Television companies also present a new strategic exit opportunity.
Broadcasters and tech or telco players with their sights set on Hollywood have consolidated the DSP and analytics category this year, he said. Amazon made its first ad tech deal this year when it bought the Sizmek ad server out of bankruptcy, and in the past couple of weeks (just outside the Q1-Q3 period covered by the Results International report) Roku and AT&T’s Xandr purchased the video DSPs dataxu and Clypd, respectively.
Competition from global media titans is making life difficult for DSP startups. Taptica, which acquired Tremor Video’s DSP in 2017, merged with RhythmOne this year. And the marketing cloud Zeta Global is buying and bartering its way to DSP market share, with deals for the Sizmek DSP and the DSP businesses of IgnitionOne and PlaceIQ.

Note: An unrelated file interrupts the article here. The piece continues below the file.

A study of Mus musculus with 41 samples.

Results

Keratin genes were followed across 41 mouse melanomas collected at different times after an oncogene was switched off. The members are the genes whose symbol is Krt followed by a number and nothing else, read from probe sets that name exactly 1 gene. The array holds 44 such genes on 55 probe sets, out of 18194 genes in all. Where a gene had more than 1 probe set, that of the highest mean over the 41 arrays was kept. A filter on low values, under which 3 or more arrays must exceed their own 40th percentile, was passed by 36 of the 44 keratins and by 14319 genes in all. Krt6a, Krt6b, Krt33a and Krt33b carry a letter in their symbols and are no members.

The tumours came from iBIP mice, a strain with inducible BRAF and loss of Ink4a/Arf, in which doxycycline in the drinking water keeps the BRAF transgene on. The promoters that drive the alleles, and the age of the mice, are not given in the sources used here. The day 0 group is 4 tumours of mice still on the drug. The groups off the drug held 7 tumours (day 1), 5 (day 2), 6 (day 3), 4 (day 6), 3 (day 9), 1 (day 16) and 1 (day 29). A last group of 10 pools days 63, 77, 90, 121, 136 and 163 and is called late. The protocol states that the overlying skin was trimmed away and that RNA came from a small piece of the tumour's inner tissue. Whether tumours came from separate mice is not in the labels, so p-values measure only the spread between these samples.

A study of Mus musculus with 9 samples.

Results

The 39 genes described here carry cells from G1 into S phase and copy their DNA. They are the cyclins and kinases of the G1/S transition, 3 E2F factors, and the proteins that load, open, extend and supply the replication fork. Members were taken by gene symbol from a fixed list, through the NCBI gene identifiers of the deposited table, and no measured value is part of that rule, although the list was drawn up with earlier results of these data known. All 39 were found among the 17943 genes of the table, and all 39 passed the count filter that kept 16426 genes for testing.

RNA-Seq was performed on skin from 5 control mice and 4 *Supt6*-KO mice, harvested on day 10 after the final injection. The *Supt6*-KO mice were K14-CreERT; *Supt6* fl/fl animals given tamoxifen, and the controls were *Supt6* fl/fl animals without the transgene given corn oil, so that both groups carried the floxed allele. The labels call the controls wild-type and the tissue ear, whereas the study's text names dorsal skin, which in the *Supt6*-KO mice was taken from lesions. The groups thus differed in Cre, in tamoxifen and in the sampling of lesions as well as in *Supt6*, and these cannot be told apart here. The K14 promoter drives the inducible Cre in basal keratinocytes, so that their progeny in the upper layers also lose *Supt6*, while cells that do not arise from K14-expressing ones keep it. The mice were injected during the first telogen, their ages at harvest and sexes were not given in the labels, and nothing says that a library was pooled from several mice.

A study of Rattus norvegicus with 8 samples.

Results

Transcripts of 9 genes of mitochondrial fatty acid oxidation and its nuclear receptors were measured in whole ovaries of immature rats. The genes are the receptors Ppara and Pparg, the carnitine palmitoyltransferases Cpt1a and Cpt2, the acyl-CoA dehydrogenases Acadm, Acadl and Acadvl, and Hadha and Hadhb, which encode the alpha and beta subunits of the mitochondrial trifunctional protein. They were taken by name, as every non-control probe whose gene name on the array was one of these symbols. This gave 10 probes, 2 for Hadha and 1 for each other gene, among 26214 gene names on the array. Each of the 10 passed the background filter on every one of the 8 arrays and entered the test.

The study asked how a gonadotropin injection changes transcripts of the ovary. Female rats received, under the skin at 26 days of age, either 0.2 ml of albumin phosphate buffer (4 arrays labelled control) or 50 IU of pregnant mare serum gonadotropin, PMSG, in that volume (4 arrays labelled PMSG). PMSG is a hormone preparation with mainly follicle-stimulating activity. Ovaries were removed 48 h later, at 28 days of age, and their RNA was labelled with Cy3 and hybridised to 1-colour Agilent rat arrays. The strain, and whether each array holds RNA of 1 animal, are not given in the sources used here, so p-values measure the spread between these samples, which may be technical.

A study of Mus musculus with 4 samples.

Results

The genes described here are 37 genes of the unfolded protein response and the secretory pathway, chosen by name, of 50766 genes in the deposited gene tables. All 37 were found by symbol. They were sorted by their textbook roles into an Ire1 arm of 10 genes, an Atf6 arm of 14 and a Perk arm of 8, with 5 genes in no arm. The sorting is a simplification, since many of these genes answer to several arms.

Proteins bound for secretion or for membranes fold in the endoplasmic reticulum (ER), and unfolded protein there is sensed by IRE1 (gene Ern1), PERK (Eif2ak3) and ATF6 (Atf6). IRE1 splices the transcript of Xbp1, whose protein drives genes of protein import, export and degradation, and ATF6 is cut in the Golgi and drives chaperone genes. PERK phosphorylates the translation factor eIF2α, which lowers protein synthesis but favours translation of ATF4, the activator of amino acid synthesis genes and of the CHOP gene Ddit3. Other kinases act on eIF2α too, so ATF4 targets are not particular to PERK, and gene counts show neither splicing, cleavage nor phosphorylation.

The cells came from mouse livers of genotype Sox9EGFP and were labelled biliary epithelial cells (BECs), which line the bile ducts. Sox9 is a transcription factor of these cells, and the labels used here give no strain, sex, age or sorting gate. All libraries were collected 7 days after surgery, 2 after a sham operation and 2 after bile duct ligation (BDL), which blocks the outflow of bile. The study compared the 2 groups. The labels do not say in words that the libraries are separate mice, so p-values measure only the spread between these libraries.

Content recommendation, multitouch attribution and DMPs are other ad tech buckets that have “gone from full to having one or two companies left” in the past couple of years, Georges-Picot said.
The rebound in ad tech deals this year isn’t necessarily a good omen for the industry. Premiums tend to come down after the first one or two deals in a tech vendor category, which he said has been true for DSPs and ad measurement tech.
Some startups and M&A advisors are also trying to seize on the recent growth of public companies such as The Trade Desk, Roku or Rubicon Project, but that momentum-based M&A can backfire painfully, Georges-Picot said.
“Public valuations do inform private valuations, so some people are going to see this as the time to go to market,” he said. “But it’s a dangerous game, because when those valuations go down it’ll be even worse for companies trying to claim the same multiples.”